Sugar production is an energy-intensive process. Beet expenses aside, energy is our highest cost. We therefore have a long-standing commitment to reduce our energy consumption. We achieve this by continuously improving the effectiveness of the sugar production processes and by investing in new innovative energy-saving projects.

nordzucker

Using energy efficiently

Most of our production factories are equipped with their own highly efficient power plants. This means our factories produce the steam and electricity required for the sugar manufacturing process. In some cases, they generate surplus electricity, which is delivered to the local grid.  

The power plants – the boilers - burn fossil fuels (oil, gas or coal) to produce steam, and electricity required for the sugar manufacturing process. The boilers release carbon emissions, as well as air pollutants such as sulphur dioxide (SO2) and nitrogen oxides (NOx). We are taking steps to minimise emissions from our boilers, including substituting fuels for cleaner alternatives where possible. Read more about emissions from Boilers

We are looking at the possibility of further reducing carbon emission from our boilers by installing bivalent operating systems when existing boilers need to be reconstructed or new boilers are installed. Bivalent operating systems use either natural gas or oil. Natural gas usage emits less CO2 than oil and coal combustion. These systems are already in place in our German factories where natural gas is used.  

In recent years we have optimized the biogas production of our anaerobic wastewater treatment plants. The biogas produced there can be burned in the boilers, reducing CO2 emissions by up to five per cent in some plants.

Steam dryers

Drying pulp process in Nordzucker production plants is performed by 55% in modern steam dryers. These save energy by reusing steam generated by the sugar production process. To close the circle, the steam generated during the drying process is reused in sugar production.  

In 2012/13, we installed a steam dryer in Nakskov (Denmark). A similar steam dryer has been installed in Örtofta (Sweden) during the sugar production campaign in 2014.

Other energy-saving initiatives

Other examples of recent energy-saving projects include the sixth-step evaporation station in Säkylä (Finland). Sugar juice is concentrated in a multi-step evaporator. Water evaporated as steam in the first step is used for heating the next evaporation step. The more steps the evaporation process has, the more energy efficient the process is. The sixth-step in Säkylä has saved us about 5,000 tonnes of CO2 per year.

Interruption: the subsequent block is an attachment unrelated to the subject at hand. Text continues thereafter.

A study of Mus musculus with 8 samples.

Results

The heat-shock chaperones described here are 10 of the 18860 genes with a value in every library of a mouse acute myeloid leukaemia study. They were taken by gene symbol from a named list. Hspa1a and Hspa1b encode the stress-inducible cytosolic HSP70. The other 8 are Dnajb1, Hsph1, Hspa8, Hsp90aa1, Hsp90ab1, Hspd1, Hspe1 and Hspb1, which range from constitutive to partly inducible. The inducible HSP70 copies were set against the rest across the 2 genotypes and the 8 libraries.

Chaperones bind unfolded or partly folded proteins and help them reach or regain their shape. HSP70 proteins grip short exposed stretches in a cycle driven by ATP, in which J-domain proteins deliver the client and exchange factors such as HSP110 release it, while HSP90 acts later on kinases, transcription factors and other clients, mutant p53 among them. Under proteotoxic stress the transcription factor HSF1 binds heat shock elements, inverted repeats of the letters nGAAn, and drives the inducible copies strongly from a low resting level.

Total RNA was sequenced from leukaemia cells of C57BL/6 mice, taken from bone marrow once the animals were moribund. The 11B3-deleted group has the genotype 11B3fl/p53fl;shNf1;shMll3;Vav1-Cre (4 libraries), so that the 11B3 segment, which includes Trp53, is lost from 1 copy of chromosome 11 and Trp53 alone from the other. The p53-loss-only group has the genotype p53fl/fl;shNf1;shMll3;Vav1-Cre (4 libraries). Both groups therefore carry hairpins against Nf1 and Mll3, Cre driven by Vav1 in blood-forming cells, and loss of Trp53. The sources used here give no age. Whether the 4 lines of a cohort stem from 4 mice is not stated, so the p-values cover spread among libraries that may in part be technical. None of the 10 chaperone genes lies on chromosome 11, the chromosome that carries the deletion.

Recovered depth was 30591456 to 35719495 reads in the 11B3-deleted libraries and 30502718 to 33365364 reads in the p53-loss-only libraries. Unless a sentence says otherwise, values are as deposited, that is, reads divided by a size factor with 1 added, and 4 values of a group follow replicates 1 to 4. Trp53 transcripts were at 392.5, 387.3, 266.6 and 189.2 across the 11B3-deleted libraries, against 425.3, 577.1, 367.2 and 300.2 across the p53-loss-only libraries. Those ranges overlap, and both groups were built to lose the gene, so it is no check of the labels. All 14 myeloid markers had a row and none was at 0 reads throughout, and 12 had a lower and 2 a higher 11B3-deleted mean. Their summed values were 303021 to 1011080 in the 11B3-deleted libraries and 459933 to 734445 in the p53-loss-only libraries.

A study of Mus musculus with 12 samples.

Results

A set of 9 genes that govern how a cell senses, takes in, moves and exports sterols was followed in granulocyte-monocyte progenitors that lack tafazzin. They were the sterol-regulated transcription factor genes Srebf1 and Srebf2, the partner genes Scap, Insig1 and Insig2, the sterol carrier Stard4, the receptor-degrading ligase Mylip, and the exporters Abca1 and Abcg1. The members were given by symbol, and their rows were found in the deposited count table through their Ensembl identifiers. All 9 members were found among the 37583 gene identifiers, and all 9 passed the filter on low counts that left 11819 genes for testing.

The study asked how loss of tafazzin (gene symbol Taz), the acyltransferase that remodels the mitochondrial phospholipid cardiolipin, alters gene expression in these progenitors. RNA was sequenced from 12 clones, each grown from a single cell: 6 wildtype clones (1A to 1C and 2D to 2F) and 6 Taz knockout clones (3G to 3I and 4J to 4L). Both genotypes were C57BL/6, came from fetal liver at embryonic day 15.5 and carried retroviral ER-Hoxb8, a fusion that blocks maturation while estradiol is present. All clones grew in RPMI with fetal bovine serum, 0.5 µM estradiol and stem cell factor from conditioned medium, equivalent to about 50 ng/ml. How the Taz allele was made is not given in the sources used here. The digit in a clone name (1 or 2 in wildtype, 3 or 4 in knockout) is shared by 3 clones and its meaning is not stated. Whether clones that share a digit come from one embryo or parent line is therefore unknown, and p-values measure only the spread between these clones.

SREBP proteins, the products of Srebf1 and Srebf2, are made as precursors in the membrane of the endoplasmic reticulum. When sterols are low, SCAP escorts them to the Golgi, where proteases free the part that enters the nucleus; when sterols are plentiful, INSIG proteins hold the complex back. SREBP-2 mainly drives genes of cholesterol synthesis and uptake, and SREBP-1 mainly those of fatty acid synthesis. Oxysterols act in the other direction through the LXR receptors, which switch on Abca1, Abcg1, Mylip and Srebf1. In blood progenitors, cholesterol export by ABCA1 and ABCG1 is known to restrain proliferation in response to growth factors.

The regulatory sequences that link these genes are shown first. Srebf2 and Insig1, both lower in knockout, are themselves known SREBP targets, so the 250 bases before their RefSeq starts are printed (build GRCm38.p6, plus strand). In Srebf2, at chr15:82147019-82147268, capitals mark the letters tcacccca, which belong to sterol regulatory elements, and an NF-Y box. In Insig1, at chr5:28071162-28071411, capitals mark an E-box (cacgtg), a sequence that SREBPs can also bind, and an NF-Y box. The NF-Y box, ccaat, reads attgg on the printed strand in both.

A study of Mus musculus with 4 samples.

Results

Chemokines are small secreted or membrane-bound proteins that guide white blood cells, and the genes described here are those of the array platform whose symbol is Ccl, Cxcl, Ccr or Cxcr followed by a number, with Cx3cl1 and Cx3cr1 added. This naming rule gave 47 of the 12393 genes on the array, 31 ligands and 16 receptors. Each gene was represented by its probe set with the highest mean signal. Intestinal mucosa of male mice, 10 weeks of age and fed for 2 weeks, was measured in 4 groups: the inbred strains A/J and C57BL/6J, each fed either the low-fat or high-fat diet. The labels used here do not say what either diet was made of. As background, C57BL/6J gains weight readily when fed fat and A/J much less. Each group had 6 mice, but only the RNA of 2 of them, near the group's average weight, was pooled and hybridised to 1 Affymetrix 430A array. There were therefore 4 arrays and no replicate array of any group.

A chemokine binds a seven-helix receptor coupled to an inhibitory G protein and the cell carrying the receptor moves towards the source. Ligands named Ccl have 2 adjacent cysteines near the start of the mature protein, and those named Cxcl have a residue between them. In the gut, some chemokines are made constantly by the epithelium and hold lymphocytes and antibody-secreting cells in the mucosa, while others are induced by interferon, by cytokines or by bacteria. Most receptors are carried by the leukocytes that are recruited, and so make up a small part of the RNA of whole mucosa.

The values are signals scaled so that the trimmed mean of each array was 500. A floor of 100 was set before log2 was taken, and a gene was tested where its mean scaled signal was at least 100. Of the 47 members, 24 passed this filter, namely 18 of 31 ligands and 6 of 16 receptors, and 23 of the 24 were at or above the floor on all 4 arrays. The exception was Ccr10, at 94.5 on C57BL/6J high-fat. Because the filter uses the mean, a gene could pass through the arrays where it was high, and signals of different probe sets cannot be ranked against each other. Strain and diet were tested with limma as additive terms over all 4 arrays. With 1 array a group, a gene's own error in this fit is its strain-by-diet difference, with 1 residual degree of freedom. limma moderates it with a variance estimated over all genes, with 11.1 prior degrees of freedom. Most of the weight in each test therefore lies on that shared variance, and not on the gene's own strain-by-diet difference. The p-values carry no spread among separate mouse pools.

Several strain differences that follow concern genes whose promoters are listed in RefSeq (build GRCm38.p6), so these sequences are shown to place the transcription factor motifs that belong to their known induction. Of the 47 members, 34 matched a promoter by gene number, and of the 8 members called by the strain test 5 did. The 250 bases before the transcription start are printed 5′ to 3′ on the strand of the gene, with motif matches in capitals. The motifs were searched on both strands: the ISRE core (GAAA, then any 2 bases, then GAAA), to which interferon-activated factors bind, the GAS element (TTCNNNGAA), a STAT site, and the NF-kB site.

In Poland, we expanded the evaporation system to include a sixth step and invested in a new heat exchanger, which together contributed to savings of around 6,000 tonnes of CO2 per year.

Impact

Since 2010, energy consumption has decreased from index 100% (2010 = 100%) to index 78%. 2015 was an extraordinary year in which sugar production was reduced by nearly 1/3 compared to plan leading, thus, to a rise in the energy index.

Energy impacts

In 2010, we set a target to reduce our total amount of energy used per tonne of sugar by 45 per cent by 2020, with 1990 as baseline. We have already achieved this target in 2013.

In 2016, new ambitious energy and emission reduction targets for 2020 have been implemented. Our 2020 aim is to reduce our energy consumption by 10% per tonne sugar (ww) compared to 2014 (50% compared to 1990) and to reduce our CO2 emission by 10% per tonne sugar (ww) compared to 2014 (68% compared to 1990). In addition, Green House Gas emissions by the agricultural processes are intended to be reduced in accordance with the 20.20.20 project.

The installation of the steam dryer in Nakskov saves us 160 tonnes of coal daily and reduces our CO2 emission by 50,000 tonnes of CO2 annually. The yearly estimated savings for the steam dryer in Örtofta (Sweden) is calculated to be about 130 GWh and we expect it to reduce our CO2 emissions by 27,000 tonnes of CO2 annually.

* Due to a natural variation in sugar content which influences the amount of energy required for extraction, we have normalised our energy consumption target by assuming a sugar content of 17.5%t for all beets grown in the Nordzucker region.

Carbon impacts

Our target for 2020 is to reduce our total CO2 emissions per tonne of sugar by 65 per cent with 1990 as baseline. The graph shows our progress towards this target since 2010

The target requires us to reduce our CO2 emissions to 359 kg of CO2 per tonne sugar. By the end of 2016 emissions were as high as 389 kg CO2 per tonne sugar produced. A reduction of 7.7% in the following years will allow our target of CO2 emissions reduction to be met in 2020.

2015 was an extraordinary year in which sugar production was reduced by nearly 1/3 compared to plan, which led to a consequent increase in energy need and, therefore, emissions.

In 2016, new ambitious energy and emission reduction targets for 2020 have been implemented. Our 2020 aim is to reduce our energy consumption by 10% per tonne sugar (ww) compared to 2014 and to reduce our CO2 emission by 10% per tonne sugar (ww) compared to 2014. In addition, we will reduce our Green House Gas emission from the agricultural part of our business according to the 20.20.20 project. With high and stable yields, the green house gas emissions will decrease.

* We define total CO2 emissions as a combination of CO2 from direct sources (combustion in our own power plants) and CO2 from indirect sources (bought electricity, bought heat and steam).